I always opposed the installation of a suicide net on the Golden Gate Bridge. Many deride it as an ineffective solution, claiming that those who want to kill themselves will find a way to do it, on the Bridge or off. I opposed it for the opposite, and perhaps the most contemptible, reason. The lack of a safety net was my safety net. I always told myself that I would never do it, that I liked myself too much to do it, but I always knew where I would do it. The Golden Gate Bridge, requiring just the tiniest of jumps over a four-foot railing, was the only place I would ever be able to muster up the courage to end my life. In the most selfish of ways, I opposed the suicide net because I knew it would work; I would not jump if I knew that someone would catch me.
My depression came on slowly, creeping in from the start of my adolescence but not truly manifesting itself until the beginning of high school. Midway through my sophomore year, caused by a combination of troubles at home, school, and with myself, it hit me full on. I no longer found enjoyment in the little things I used to enjoy, and worst of all I felt empty in the social sphere, as the friend groups settled and I ended up on the fringes of a few of them, but in none of them. I began seeing a therapist, but I was so reserved that I hardly yielded any substantive information to her. I always denied that I had thoughts of suicide or self-loathing, but in truth there were long periods during which I hardly went a day without them. I started to take medication, but noticed little difference and eventually stopped. Occasionally I would find solace in the outdoors at my summer camp or while on vacation, but my depression would always return. Yet throughout all of this, whether I was trying to battle it off or had given up for the time being, my feelings were unnoticeable to many around me. My academic drive never slowed down, and the humor that I often use to cope with my sadness conveyed a jubilant teenager to my peers. In a letter I received at the end of my senior year, one of my 11th grade teachers told me that she loved how I was always smiling and happy whenever she saw me around campus. Maybe I was. But I would always fall back in some form of depression, loneliness, or self-loathing.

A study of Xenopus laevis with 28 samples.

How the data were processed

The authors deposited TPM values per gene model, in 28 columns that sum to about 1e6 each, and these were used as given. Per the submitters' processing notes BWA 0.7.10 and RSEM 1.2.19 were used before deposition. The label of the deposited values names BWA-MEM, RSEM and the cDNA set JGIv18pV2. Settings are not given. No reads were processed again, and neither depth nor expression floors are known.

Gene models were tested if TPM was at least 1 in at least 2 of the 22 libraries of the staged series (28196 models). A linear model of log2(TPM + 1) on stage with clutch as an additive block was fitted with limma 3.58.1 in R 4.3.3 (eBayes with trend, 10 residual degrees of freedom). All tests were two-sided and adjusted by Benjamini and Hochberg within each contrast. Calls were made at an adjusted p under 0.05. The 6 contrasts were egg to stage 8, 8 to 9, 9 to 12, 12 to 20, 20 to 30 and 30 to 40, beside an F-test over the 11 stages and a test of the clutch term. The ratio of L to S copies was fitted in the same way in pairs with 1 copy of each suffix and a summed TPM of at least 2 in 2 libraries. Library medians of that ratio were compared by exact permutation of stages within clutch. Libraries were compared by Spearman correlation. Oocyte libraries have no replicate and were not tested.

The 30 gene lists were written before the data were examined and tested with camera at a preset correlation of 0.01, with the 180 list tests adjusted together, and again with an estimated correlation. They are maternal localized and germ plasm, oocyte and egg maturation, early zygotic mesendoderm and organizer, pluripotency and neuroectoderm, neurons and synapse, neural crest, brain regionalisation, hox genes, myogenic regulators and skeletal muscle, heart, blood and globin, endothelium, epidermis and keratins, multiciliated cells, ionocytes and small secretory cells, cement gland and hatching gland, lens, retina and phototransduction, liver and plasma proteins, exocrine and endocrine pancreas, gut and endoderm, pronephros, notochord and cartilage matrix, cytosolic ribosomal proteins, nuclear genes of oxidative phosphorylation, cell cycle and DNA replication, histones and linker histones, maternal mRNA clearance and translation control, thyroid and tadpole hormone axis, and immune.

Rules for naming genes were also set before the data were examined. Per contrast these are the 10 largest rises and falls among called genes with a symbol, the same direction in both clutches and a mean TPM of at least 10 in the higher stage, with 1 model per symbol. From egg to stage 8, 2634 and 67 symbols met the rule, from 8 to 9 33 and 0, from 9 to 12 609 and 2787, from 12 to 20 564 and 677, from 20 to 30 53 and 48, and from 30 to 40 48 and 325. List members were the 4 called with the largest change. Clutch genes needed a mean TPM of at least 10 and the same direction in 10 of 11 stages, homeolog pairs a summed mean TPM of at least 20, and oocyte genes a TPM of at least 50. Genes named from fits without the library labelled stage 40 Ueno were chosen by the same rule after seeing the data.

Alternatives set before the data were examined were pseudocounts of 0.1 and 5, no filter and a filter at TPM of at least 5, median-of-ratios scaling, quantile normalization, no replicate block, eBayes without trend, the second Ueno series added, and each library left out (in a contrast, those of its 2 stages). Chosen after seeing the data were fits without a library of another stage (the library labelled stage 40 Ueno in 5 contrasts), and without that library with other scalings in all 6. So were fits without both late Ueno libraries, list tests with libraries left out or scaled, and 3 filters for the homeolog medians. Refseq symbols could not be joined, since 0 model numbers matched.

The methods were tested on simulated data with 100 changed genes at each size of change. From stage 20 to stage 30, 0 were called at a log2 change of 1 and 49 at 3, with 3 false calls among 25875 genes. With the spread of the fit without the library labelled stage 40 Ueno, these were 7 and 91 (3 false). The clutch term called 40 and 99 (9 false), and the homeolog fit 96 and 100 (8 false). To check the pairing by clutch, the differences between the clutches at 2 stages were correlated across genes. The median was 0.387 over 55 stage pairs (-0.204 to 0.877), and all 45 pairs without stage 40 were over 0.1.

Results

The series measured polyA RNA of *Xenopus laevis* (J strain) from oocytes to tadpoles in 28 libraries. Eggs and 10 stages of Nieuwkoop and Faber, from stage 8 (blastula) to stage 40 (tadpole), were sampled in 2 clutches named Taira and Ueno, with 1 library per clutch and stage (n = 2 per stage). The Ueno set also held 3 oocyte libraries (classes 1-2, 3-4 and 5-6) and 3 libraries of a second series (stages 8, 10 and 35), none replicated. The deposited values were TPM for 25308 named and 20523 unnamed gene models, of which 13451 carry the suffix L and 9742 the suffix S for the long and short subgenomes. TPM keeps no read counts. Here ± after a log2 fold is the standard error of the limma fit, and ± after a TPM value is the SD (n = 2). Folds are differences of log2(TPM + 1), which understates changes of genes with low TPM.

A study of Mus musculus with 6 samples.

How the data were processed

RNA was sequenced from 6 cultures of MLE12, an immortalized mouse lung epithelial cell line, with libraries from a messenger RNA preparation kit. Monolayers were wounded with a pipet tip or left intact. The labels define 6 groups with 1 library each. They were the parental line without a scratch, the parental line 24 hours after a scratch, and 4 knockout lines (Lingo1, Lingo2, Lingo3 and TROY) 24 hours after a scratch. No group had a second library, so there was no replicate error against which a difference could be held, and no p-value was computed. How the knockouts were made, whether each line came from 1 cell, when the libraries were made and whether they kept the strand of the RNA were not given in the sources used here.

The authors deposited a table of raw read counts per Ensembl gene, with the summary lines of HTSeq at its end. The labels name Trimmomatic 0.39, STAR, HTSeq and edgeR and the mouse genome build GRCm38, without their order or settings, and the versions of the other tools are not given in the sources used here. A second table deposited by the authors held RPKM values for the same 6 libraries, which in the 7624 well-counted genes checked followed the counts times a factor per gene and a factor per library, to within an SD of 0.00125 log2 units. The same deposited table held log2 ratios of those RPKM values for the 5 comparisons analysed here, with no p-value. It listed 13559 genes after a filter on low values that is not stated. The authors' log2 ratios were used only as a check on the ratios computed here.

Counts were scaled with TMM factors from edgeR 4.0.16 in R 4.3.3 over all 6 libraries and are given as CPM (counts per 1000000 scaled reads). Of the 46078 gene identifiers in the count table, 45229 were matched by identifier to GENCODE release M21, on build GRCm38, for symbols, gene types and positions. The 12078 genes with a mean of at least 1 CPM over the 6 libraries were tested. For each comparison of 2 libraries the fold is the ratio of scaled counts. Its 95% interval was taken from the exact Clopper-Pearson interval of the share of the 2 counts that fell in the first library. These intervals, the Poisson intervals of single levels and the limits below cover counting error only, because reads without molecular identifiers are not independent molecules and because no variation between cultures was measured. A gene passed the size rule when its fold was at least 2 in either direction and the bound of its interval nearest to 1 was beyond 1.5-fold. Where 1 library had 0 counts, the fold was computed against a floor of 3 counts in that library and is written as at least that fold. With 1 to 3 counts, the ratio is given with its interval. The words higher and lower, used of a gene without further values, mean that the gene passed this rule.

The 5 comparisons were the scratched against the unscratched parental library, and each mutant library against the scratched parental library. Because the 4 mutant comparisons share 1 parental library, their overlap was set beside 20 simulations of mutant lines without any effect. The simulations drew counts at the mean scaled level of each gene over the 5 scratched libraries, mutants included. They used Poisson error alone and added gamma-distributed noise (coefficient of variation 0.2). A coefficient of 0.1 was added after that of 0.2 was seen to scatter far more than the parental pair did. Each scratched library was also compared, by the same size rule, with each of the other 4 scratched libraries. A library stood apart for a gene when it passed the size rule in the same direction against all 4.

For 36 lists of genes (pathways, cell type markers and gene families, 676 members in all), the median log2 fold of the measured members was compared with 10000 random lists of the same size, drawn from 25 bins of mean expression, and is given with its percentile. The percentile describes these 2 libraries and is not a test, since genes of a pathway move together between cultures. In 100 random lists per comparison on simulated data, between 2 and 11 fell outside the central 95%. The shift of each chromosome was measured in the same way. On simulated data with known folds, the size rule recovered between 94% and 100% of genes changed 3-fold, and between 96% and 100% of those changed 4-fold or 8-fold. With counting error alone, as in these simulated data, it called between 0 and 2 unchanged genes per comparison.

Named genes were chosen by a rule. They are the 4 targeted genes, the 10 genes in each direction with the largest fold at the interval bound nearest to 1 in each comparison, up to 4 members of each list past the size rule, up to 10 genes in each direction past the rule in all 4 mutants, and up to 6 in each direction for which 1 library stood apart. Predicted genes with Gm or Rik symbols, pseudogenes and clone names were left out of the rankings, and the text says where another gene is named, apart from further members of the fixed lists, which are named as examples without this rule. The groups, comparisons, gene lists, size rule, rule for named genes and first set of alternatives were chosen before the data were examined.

Things got better. I started to feel like I had real friends, I filled up my calendar with things I wanted to do, and I saw hope for a future after high school. I still fell back into sadness on a semi-regular basis, but it felt more manageable. Upon graduating high school, I opened a letter from myself that congratulated me on making it this far, and encouraging me to strive for happiness in the future. Since then, there have periods in my life where I have almost forgotten the state that once engulfed my everyday life. But every once in a while, triggered by some stressor in my life, I will fall back into some sort of misery, that I know is silly or avoidable but I somehow still struggle to emerge from.
I never actually stood on the edge. I once came close to screaming at my father to let me out as we drove home across the Bridge, but I held it in. Was that the hardest thing I ever did? Absolutely not. I do not think that I ever truly wanted to do it, and I certainly do not want to today. Perhaps the hardest thing I’ve ever done is to share my story. Or it would be, if I did not choose to keep it anonymous. I keep my troubles closely guarded–omitting many details even from this story–and I do not think that I have the courage to share them at this point, to face my friends and family. But at the very least, I hope that I can encourage others to share their story, as I was encouraged to so by those posting on the Resilience Project. And hopefully one day, I will feel safe enough to come forward myself.